DENVER – Senate Minority Leader Bill Cadman ripped the mask off of Senate President Morgan Carroll’s pledge for a bipartisan legislative session on Tuesday, after Democratic leaders yanked a bill seeking to repeal a controversial gun control measure approved last year.
“Before the opening day remarks were dry on the newsprint, the rules in this chamber were broken,” declared Cadman (R-Colorado Springs).
“They were violated… before the ink was dry on Wednesday’s rhetoric,” said Cadman. “On Thursday, one of our bills from a brand new Senator from Pueblo was forcefully delayed by the majority party until April 16.”
The maneuver, Cadman explained, violated rules that “protect the members of both sides, and more importantly the voices of those who sent us here.”
Sen. George Rivera (R-Pueblo) had filed a bill to repeal the universal background check to purchase or transfer guns and the associated fees.
Rivera was elected to Senate District 3 after Democrat Sen. Angela Giron was recalled in September by district residents put off by her liberal legislative record and her support for the controversial gun control measures.
Though Rivera met the deadline to file bills, Cadman said, the Senate Democrat leadership deliberately derailed it and treated it as a late bill.
Cadman read the rules, which had been approved unanimously by the Senate, that require a bill to be given a number, assigned to a committee and formally read in the chamber within three working days.
“You can’t shred it. You can’t throw it away. You can’t disregard it, You can’t say, ‘Even if I don’t like it, no one is ever going to see this (bill),’” he said. “And you can’t postpone it.”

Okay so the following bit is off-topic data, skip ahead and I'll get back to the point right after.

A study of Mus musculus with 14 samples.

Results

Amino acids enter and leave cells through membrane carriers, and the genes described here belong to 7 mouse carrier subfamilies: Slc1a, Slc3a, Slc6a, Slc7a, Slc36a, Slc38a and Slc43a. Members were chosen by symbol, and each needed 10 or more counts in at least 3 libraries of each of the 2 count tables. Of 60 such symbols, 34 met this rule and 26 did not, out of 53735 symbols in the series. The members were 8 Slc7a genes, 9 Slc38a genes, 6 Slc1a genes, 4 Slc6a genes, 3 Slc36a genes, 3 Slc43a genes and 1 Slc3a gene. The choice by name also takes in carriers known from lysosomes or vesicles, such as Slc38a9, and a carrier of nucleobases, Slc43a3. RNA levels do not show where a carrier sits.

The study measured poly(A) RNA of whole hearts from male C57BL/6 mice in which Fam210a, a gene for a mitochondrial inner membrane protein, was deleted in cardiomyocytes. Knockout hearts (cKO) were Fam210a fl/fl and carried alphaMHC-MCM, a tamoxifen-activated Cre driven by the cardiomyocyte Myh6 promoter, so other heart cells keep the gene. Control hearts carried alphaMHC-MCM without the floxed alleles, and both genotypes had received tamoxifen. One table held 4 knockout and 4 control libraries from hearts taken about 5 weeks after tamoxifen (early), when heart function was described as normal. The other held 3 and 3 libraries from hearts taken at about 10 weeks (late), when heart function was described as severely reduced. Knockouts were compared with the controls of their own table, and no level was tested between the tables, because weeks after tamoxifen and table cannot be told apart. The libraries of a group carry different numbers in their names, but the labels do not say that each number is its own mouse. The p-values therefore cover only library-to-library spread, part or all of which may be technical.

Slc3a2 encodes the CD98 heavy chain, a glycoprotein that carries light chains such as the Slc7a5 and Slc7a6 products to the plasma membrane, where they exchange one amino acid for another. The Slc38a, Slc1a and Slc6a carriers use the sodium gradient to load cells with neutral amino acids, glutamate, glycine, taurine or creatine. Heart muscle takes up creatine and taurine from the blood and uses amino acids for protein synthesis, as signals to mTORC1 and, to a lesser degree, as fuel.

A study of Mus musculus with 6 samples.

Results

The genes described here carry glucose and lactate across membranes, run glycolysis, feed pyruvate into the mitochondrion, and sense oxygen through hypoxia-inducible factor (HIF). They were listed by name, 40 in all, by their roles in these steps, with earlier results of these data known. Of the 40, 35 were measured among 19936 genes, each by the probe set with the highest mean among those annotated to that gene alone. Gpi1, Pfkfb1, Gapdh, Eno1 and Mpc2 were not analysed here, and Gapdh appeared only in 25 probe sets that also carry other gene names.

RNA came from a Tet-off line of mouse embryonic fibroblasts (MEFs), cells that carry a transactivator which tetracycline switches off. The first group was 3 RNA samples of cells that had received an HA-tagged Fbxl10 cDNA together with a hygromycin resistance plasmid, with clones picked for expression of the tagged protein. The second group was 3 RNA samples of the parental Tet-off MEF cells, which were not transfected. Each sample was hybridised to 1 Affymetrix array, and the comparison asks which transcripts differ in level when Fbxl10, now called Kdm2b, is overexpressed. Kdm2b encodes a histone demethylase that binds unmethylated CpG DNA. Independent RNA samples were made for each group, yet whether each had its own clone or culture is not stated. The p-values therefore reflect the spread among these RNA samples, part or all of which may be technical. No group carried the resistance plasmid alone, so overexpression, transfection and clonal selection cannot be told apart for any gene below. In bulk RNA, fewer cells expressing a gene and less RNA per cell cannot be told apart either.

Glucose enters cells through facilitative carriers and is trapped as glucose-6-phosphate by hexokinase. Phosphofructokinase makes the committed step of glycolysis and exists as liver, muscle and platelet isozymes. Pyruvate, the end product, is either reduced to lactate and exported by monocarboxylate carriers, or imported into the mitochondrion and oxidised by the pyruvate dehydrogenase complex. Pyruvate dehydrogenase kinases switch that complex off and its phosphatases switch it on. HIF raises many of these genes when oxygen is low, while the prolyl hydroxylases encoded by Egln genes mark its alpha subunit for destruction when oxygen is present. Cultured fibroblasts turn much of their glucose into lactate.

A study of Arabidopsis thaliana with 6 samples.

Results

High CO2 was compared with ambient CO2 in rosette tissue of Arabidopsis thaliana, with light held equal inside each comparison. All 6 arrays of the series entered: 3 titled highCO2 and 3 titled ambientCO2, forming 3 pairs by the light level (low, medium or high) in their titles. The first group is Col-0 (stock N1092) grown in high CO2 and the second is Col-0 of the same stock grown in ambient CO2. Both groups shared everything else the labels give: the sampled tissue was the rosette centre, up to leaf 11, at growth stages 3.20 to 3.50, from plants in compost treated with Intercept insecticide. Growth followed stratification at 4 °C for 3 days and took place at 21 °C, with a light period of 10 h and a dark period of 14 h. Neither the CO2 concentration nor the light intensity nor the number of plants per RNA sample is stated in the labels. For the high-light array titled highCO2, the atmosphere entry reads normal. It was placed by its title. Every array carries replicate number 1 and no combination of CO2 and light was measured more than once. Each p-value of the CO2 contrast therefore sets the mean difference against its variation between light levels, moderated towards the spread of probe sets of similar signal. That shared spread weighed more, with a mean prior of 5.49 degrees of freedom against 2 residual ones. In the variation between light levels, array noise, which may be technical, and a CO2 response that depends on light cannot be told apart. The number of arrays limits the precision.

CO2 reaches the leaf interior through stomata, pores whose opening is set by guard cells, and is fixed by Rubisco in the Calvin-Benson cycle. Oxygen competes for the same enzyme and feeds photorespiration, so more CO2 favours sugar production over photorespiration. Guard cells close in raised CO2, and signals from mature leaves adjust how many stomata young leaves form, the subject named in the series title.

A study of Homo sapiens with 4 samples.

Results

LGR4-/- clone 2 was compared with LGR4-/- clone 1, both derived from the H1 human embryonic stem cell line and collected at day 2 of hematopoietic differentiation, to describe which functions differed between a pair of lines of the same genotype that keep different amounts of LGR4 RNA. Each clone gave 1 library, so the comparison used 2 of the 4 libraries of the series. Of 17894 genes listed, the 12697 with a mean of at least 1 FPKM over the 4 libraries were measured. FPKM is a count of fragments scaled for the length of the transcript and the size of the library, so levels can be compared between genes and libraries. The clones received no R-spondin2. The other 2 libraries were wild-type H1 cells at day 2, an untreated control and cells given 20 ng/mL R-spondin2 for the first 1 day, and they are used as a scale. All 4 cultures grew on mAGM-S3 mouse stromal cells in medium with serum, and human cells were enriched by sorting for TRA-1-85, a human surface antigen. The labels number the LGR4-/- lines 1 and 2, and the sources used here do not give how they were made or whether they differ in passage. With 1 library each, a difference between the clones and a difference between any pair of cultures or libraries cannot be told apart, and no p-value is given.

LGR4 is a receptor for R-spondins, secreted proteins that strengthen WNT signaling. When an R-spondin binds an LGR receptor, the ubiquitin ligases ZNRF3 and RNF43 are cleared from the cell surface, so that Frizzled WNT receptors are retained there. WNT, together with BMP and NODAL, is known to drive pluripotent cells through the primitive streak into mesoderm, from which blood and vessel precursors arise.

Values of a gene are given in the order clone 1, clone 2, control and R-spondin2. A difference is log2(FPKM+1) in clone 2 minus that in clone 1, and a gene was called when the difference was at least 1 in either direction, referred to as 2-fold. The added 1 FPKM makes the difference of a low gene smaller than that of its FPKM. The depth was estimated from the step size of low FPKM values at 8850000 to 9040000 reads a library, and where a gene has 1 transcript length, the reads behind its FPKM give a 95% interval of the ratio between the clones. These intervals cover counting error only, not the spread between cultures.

“Abusing the rules does not show strength; it shows weakness,” Cadman admonished Carroll and the Senate Democrat leadership.
“Madame President, this institution has been damaged by this violation,” declared Cadman. “It is up to you to fix it.”
Instead of responding, Carroll glibly asked, “Are there other announcements?”
“Would this be an appropriate time to move SJR 002, the civility pledge resolution?” asked Sen. Ted Harvey (R-Highlands Ranch).
“Um, Senator Harvey, no,” responded Carroll.
For the third time, the Senate majority postponed the traditional civility resolution until next week.
Sen. Mark Scheffel (R-Parker) was granted a “Senatorial five” in an attempt to rectify the dispute over Rivera’s bill, but the out-of-earshot discussion did not change the Democrat leaderships’ position.
“Obviously passions are running high,” said Scheffel. “There’s an issue that needs to discussed and resolved. And this is when this body needs to rise to the occasion.”
The Democrats decision to sabotage a Republican bill followed Carroll’s opening day speech laced with bipartisan platitudes and pledges.
“Our friendships across the aisle here, at home, among our friends is best path to forego the scorched earth politics, and see the basic humanity in each other and in our differing communities,” said Carroll on Jan. 8.
“People expect us to put politics over policy, let’s instead put good public policy over politics and leave the campaigning and electioneering for after the legislative session and outside of the Capitol,” she implored. “People expect us to stall, delay and obstruct, let’s instead move at a deliberate, thoughtful pace with timely results that serve the people of Colorado.”